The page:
One in Fifty

Rick Bohan

That’s how many companies that start a lean initiative will seen any positive results from it, according to a survey conducted by Industry Week back in 2007. Just one in fifty….2%.

And here’s the thing…the lean tools and methods are very straighforward.  In fact, most of them are downright easy.  Take 5S…it doesn’t get any simpler.  Clean the place up!  Mark and label a home address for everything!  How hard is that, for gosh sakes?  Even some of the more “advanced” methods like kanban are pretty straightforward…make one, take one is pretty much the whole story.

Lots has been written about all this failure.  It’s because of lack of leadership commitment.  Or lack of employee engagement.  Or too much consultant jargon.  Or inadequate training. Or too much learning and not enough doing. Or…all of the above.  And, yes, some or all of those things are generally true in any failed lean initiative but some or all of them occur in most types of organizational change initiatives and they don’t have a 98% failure rate!

Why the high failure rate?  No one is quite sure, is my guess, but I have a hypothesis.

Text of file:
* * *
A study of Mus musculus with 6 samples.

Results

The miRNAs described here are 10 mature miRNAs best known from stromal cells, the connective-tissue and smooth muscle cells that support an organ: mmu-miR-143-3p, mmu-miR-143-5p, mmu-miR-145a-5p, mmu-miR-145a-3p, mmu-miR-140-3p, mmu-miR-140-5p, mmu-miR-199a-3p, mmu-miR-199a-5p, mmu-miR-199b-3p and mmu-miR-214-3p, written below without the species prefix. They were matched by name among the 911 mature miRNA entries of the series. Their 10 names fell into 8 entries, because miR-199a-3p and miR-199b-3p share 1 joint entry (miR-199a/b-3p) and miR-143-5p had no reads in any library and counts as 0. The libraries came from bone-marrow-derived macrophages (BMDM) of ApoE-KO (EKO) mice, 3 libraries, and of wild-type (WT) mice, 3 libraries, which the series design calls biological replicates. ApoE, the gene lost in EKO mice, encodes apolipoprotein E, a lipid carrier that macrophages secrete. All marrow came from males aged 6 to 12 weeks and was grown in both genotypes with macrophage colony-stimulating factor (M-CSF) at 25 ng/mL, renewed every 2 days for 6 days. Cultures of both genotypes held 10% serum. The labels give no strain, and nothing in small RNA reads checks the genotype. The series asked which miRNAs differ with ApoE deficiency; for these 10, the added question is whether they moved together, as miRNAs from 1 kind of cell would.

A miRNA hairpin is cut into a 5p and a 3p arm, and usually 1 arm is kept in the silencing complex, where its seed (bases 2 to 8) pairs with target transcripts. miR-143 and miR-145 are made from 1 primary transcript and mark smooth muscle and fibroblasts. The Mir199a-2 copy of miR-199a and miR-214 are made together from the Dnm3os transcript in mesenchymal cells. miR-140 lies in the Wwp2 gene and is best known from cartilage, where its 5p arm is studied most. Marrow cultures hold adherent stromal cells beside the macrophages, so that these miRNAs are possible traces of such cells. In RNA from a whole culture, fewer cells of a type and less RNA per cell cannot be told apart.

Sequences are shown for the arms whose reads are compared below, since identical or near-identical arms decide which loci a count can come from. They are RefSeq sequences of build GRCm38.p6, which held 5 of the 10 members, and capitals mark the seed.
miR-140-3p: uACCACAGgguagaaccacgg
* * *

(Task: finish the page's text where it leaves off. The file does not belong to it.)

Here it is…managers and supervisors are lazy.  Well, not really.  I mean, all the managers I’ve know are willing to work very hard. But they work hard turning the same crank over and over with the same mediocre results.  Give a manager something new to do that even he or she agrees will make their lives better and, too often…they just don’t do it.

I think I’ve related the story here in my blog about the client that didn’t implement a simple supermarket …for TWO YEARS!  And the managers at the client had come up with the idea of the supermarket themselves!

I’ve known many other cases where managers and supervisors don’t undertake even simple initiatives, e.g., clear the clutter out of the area, even when their own bosses order them to.  I’ve seen supervisors and managers make excuses for months as to why they didn’t go get the label maker from the office and label the shelves that parts were stored on.

The “laziness” goes up and down the management ladder.  An operator is too lazy to organize supplies in the cabinet and mark the cabinet.  A supervisor is too lazy to tell the operator, “Organize that cabinet and label the shelves.”  A plant manager is too lazy to do a daily walk around and tell the supervisor, “I expect that cabinet to be organized and labeled.”  An owner is too lazy to do a weekly walk around and ask the plant manager, “Why the hell aren’t all my cabinets organized and labeled?”

What’s to be done, then?  Well, if the laziness truly does go up and down the ladder in the organization, there’s not much that can be done.  But, if there’s anyone anywhere on the ladder who is willing to devote him or herself to daily followup and follow through, there’s hope.  Because that’s what it takes.